When you’re overburdened with excessive debt, it’s not unusual to get relentlessly bombarded with a never-ending barrage of phone calls from money hungry creditors. There goal and paycheck usually are dependent on them trying to get whatever they can from you. It is as if your phone has been hijacked, you are stressed out enough over your finances and you just want some peace and quiet- you just want the phone to stop ringing.
Unfortunately, telling your creditors that you are planning to file for bankruptcy won’t quite be enough to stop their pursuit for your money. Until you file bankruptcy and have a case number they can continue to call. However, depending on what you are trying to accomplish there may be a better approach.
What Do You Wish to Accomplish?
Usually, when you inform a creditor that it is your intention to file for bankruptcy, it is for the purpose that they believe you have no money and that it isn’t worth pursuing you. But as creditors know, that isn’t always the case. Sometimes the debtors use bankruptcy as a bargaining tactic to negotiate a lower debt settlement figure. Your true motives and situation will help guide you to know whether it makes sense to mention bankruptcy or not.
You Just Want the Phone Calls to Stop
There is no guarantee that a threat of filing bankruptcy will stop the near harassing phone calls from your creditors. The only “Guarantee” is to actually file for bankruptcy and get a court order called an “Automatic Stay”. The automatic stay, once in effect legally prohibits your creditors from making any attempt to contact you to collect a debt.
Creditors know all about the power of the automatic stay and if you just threaten bankruptcy it may increase their efforts to collect the debt before it’s too late. You may, in fact, increase the rate of phone calls.
That doesn’t mean that you are out of options though. Some other approaches are:
- Hiring an attorney. If you hire a bankruptcy attorney, and you inform your creditor of that fact, the creditor will have to call your attorney’s office instead of you at home. Some bankruptcy attorneys will accept a small down payment—perhaps as little as $100—as an initial retainer so that you can avoid the calls while saving the rest of your attorneys’ fees needed to file bankruptcy.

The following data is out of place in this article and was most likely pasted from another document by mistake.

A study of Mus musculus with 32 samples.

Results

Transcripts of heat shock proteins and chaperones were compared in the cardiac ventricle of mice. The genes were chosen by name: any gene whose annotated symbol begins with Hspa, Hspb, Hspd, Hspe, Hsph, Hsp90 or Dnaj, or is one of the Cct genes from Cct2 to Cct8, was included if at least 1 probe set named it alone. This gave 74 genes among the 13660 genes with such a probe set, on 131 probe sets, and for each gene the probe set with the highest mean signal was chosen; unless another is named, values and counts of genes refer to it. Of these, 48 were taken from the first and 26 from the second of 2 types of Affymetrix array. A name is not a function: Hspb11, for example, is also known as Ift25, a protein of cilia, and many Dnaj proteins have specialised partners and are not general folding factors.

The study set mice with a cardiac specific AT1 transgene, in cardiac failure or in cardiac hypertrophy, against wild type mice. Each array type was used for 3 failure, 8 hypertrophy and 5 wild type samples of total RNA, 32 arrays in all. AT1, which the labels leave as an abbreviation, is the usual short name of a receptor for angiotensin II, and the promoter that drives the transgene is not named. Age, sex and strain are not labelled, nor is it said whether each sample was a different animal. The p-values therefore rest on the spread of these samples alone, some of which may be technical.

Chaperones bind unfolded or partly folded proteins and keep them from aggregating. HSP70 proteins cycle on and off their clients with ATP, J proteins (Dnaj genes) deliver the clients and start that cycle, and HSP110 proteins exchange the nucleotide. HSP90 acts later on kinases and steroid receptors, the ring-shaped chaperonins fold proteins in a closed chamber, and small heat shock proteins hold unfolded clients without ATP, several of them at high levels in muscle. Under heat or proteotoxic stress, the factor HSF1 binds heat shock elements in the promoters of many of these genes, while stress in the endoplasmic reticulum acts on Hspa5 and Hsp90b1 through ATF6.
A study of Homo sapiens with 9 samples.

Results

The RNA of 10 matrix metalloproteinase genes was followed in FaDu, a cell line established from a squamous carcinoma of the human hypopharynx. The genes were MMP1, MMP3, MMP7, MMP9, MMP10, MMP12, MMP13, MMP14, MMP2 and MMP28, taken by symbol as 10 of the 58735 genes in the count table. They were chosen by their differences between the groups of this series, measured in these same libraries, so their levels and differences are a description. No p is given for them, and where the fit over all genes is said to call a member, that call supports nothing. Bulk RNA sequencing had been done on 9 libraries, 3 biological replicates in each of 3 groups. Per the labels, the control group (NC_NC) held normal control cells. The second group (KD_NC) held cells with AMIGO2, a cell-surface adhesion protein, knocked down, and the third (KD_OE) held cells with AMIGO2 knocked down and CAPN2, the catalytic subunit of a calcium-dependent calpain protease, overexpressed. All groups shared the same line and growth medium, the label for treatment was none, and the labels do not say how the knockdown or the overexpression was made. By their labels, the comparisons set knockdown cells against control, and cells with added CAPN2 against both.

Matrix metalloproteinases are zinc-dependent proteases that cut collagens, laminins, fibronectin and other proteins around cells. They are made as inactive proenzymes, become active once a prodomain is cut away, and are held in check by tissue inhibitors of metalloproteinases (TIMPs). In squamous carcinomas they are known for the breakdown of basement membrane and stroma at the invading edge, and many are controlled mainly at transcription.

- Ask the creditor to stop. Additionally, you can write to the creditor and ask it to stop calling you. Keep in mind, however, that you might want to know what’s going on with your account. Unless you’re judgment proof (you don’t have any assets the creditor can get), you might want to consider another alternative.
When You Want to Negotiate Your Debt
Ideally, no one wants to file for bankruptcy. Therefore, it’s not too uncommon to attempt to negotiate a settlement that you can afford to pay. The problem with this approach is that it’s not very feasible unless you reach agreements with all of your creditors, before committing yourself to any one arrangement.
One approach is to tell your creditors you’d like to try to avoid filing bankruptcy. This approach can be effective if all your creditors agree to a lesser amount.
However, creditors hear this so often and many are very skeptical of your true intentions. Many will ask for proof of financial hardship by requesting certain financial documentation. Documentation that you may ultimately regret turning over should things turn from bad to worse.
If you only reach agreements with some of your creditors, you may still have to eventually file bankruptcy after paying down some of your debt. Do not pay out funds if you are going to still have to file bankruptcy in the end.
Sometimes It’s Best to Just File Bankruptcy and Say Nothing to the Creditors
Your problem will be solved once your bankruptcy case is filed. Until then, you’ll want to avoid giving your creditors any information they can later use against you. If you don’t have the money to pay –and you realize you will be filing bankruptcy soon, your best bet might be to say nothing to your creditors. Or better yet, simply do not answer the phone.
If you need help with out of control debt and the constant creditor harassing phone calls, bankruptcy may be the solution. Call PIKUNIS LAW at (856) 282-5505 to see if bankruptcy is right for you.